Christmas came early for Eaves family
Beth and Mike Eaves were brought to tears recently when their son presented them with a framed bachelor of arts diploma.
Patrick Eaves surprised his parents with a perfect early and emotional Christmas gift.
Beth and Mike Eaves were brought to tears recently when their son presented them with a framed bachelor of arts diploma from Southern New Hampshire University.
Elf showed up w/a surprise, my diploma! It started when I left @BostonCollege early; I promised my Mum I would one day complete my BA. With the help of the @NHLPA & @NHL now I can finally say, I’m a college grad👨🏻🎓Thanks to @SNHU, Duncan, my advisor Heather, & my family. #snhualum pic.twitter.com/JAaEvCe4AX— RealPatrickEaves (@Patrick_Eaves) December 9, 2018
When Eaves, now a forward with the Anaheim Ducks, decided to leave Boston College after three years to sign with the Ottawa Senators in 2005 – his mom wasn’t happy. But he promised her one day he would finish his degree.
Thirteen years later, Patrick, now 34, kept his word.
“Education always has been important in our family,” Patrick said. “My mom has a bachelor’s degree and a masters. So does my brother [Ben]. My dad has his bachelor’s.
“They had no idea about this. I kept it a secret. It was the best surprise I could have given them. My mom burst into tears and my dad was emotional.”
Eaves already has accomplished plenty in hockey. He won gold at the 2004 world juniors with the United States in Helsinki, Finland, with his father as head coach.
He went to the Stanley Cup Final with the Senators in 2007 and became a dependable two-way forward with Ottawa, the Carolina Hurricanes, Detroit Red Wings, Nashville Predators, Dallas Stars and now the Ducks.
But as his pro career progressed, Eaves watched the clock ticking on his promise.
Then he attended the NHLPA summer meetings and learned about the NHLPA/NHL Core Development Program (CDP),“designed to create opportunities to identify or complete educational endeavours, augment financial goals, build networking skills, establish key professional networks, and create strong philanthropic, business and career foundations.”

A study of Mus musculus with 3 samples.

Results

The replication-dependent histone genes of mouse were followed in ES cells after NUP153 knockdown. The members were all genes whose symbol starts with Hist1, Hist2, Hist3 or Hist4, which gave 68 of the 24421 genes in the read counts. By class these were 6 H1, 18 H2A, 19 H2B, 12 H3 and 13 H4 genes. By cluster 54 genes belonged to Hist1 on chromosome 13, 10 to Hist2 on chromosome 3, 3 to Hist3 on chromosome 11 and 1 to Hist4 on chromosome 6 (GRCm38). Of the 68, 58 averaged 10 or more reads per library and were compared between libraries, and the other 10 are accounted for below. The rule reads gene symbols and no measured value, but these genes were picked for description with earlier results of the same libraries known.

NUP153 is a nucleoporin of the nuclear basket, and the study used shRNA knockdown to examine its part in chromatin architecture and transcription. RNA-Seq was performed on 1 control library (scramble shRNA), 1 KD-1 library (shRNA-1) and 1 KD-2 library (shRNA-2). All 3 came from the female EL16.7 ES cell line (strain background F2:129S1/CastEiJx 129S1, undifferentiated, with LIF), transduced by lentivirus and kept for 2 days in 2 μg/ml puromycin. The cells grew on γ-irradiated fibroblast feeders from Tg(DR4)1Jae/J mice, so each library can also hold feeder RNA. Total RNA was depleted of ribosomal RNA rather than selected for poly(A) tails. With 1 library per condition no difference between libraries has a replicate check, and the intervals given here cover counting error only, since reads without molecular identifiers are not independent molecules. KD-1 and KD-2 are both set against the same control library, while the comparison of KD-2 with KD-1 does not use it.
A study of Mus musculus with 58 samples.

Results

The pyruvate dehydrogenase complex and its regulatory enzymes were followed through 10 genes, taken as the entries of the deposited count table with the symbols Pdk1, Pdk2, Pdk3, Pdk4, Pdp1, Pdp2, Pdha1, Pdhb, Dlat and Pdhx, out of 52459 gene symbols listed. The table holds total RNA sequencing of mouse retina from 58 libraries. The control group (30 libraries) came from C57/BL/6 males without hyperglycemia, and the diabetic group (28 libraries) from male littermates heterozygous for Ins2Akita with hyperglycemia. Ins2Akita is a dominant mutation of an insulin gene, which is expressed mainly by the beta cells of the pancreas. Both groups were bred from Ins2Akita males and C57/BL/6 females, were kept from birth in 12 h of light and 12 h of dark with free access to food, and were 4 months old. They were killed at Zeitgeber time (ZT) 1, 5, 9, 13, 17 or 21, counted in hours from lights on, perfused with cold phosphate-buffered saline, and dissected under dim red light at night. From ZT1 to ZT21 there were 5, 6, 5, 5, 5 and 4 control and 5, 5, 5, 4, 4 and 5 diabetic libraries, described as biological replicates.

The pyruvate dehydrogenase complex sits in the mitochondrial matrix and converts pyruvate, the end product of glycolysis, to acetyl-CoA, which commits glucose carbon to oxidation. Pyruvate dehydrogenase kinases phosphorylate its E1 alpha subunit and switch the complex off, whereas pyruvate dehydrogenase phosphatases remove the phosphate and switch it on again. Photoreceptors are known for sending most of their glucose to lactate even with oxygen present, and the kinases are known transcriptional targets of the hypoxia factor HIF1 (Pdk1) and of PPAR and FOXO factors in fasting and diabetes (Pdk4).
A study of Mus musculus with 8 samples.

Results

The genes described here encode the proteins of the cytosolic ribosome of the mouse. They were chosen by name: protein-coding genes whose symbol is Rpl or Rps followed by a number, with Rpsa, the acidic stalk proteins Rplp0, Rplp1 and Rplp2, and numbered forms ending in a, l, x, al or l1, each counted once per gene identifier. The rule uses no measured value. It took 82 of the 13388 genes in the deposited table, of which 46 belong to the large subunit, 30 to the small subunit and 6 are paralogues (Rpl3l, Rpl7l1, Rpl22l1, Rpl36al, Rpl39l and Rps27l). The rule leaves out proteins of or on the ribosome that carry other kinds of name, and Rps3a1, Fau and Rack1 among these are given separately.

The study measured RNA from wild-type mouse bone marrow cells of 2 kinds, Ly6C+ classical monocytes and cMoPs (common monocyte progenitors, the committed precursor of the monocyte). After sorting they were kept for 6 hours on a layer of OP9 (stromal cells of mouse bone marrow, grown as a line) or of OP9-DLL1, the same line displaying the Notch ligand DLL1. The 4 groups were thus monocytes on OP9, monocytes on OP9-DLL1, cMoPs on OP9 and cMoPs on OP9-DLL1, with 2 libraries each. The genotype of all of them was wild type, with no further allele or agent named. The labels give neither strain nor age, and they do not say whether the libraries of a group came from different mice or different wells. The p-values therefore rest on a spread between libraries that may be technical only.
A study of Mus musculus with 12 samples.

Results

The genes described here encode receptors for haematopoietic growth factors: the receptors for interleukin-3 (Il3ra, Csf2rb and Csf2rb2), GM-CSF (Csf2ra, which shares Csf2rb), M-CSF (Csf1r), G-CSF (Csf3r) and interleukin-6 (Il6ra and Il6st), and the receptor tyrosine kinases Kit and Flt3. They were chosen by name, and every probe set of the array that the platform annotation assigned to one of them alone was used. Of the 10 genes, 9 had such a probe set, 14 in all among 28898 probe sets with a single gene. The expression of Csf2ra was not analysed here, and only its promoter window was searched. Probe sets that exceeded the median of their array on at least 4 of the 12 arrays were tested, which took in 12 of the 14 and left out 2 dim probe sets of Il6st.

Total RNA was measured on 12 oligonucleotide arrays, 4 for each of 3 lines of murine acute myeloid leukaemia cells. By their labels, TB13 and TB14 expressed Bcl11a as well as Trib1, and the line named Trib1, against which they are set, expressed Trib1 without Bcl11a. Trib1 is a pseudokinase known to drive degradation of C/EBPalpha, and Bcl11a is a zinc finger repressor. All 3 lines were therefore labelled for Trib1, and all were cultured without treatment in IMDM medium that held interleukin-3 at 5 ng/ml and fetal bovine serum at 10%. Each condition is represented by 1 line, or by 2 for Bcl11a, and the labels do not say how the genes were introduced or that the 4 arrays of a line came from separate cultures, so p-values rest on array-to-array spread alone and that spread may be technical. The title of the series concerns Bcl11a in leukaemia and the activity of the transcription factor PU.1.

He found Southern New Hampshire University (SNHU) through his CDP advisor, Duncan Fletcher, and was hooked up with SNHU academic advisor Heather Roberts.
Fletcher and Roberts helped transfer as many credits as possible from Eaves’ time at Boston College. It turned out he was 13 classes short, so Eaves pecked away at his studies with online courses over a four-year period.
Going back to school after last sitting in a classroom in 2005 was not easy. He had to regain his study and writing habits. He had to fit in his studies around a busy family life – he and his wife Katie have three children.
He also had to deal with life on the road. Road trips aren’t easy with teammates involved in video and card games as well as the usual hijinx. But Eaves dedicated himself to hitting the books as much as he could at home, on the plane or in his hotel room.
“When you’ve been out of school as long as I had you forget what is involved,” Eaves said. “But I tried to get as much done as I could on road trips. I found it difficult to work on my classes that much at home because you want to be a dad and husband as much as possible.”
Persevering through to attain his diploma was a special ending to a difficult period in his hockey career. Eaves was hospitalized by a mystery illness last season. After just two games he experienced soreness in his legs and shortness in his breath.
He finally was diagnosed with post-viral syndrome, an illness from a virus that causes fatigue and muscle pain.
Last March, as he was pushing himself to return to action, Eaves suffered a shoulder injury that required surgery. He played his first game in more than a year on Nov. 1, but five outings into his comeback he suffered back spasms as the result of playing with a broken rib.
“I feel fine now,” said Eaves, who was born in Calgary, but raised in Faribault, Minnesota.
He’s still on the Ducks’ injured reserve list, but earning his diploma has eased at least some of his pain.